Anxiety from Head to Sole
My son, Judah, doesn’t feel things like other kids. Most of my kids feel cold and pain immediately and address their needs. Judah will run half way up the back hill barefoot in the snow and then suddenly begin crying because his feet rightfully hurt.
The point here is not how I am a horrible parent who lets my kids run outside in the snow barefoot – I have my reasons, and they learn pretty quickly from mistakes.
The point is that he didn’t feel the pain while on the deck or in the first 10 feet of standing in the snow. It took him until he was far from a warm, cozy home for him to realize there was something wrong. I know this about him and I watch him a little closer because of it, but I also know we all learn well from our mistakes. The problem is that he is so busy playing, observing his environment, absorbing, that his brain hasn’t made room to register discomfort until it reaches a threshold of pain that he can no longer ignore.
Judah and I are a lot alike in that way. We both live up in our heads a lot. We are the watchers, the thinkers, the quiet observers, and we are very good at ignoring our own needs until it’s a full fledge agony we must address RIGHT NOW! Cue the screaming.
That brings me to the anxiety from my head to my sole, and, honestly, also down into my soul.
It had been weeks of dealing with a very clingy five month old who wanted to be snuggled 24 hours a day, plus the usual yelling, nagging preschoolers, non-stop talking little boys, and girls who are going through a lot in their adolescence and needing me too. It’s schoolwork that needs to be explained, and fundraiser letters they need help writing, and new medical devices that we are all still adjusting to, but honestly, it’s mostly the baby who must constantly be touching me even while I sleep. I had been cooking, cleaning, and feeding around the clock, it seemed. I hadn’t gotten around to doing anything for myself. My feet were in desperate need of a pedicure to the point I could feel anxiety in the very soles of my feet. Somebody get me a pumice! I was feeling claustrophobic and I was burning out without even knowing it.
Like little Judah making it halfway up a hill, barefoot in the snow, before his poor little feet registered the cold, I had made it two solid weeks without taking a moment to myself. And God had been watching me make this mistake, knowing I’d learn from it too.
My quiet times weren’t very quiet. I was praying through the noise of children fighting. I was reading God’s word while they watched Superbook! I’d become a superior multi-tasker, taking care of little children while taking a shower, juggling babies while typing or stirring pots. But all the while my poor bare feet were catching the brunt of it.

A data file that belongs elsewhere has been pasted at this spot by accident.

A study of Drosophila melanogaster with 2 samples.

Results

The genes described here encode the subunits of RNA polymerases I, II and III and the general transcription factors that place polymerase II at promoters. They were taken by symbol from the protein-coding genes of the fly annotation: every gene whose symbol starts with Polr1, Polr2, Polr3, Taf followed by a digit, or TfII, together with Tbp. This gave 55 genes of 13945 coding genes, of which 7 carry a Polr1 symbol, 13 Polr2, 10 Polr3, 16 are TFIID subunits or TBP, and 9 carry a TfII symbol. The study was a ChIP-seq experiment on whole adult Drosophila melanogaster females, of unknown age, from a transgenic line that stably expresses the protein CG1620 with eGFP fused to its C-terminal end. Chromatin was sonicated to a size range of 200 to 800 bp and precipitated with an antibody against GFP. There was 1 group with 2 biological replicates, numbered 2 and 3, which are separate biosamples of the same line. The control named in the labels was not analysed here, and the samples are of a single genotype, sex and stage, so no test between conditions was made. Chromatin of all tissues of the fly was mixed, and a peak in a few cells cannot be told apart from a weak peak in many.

I stood in my living room, and dialed my husband’s phone and asked him if I could have 2 hours to myself that evening. He began to explain some challenge he was having that would need his attention, and then he heard my voice and the tears I was holding back. He saw me through the phone line, like Judah standing far from a place of warmth and comfort and crying out in pain, and he stopped and made it happen.
I needed a moment of quiet. A time to quiet my mind. A time to pray. A time to reflect.
Friend, sometimes we are so busy caring for everyone else that we forget to care for ourselves. In truth, we have moved our own needs so far down the priority list, and so many other needs are pressing us that we forget we even exist, and certainly aren’t aware of our own needs. We forget, until the pain builds up and then we explode, or at least I do. Sometimes that explosion comes in tears, sometimes it comes in raised voices, sometimes it comes in depression or other harmful attitudes and behaviors.
There is a reason God tells us to fit our feet with the readiness that comes from the gospel of peace. (Ephesians 6:15) I was anything but ready and I was so far from a place of peace, and it was because I had failed to fit my feet with that gospel. I needed to prepare each day, to take that time to read, to pray and to reflect in quiet. It doesn’t always come easily, but its necessary.
Our feet are indicators of whether or not we are ready to go, prepared for the day, ready to tackle the cold, harsh realities of life! Just like Judah needs a mommy to stop him from walking out the door in his bare feet heading to the snowy hillside, Mommies need a Heavenly Father to catch them before they run out the door unprepared for life too.
We moms need to remember to get our shoes on each day, before we try to tackle the snowy hillside. We need to take that time to sit down with Jesus, listen to His voice, quiet our own minds and reflect on His sufficiency. Only then, we can beat the anxiety in our soul.
How do you find time to spend quietly with Jesus when your kids are little and needing attention? Have you experienced the anxiety in your soul when you fail to prepare for each day?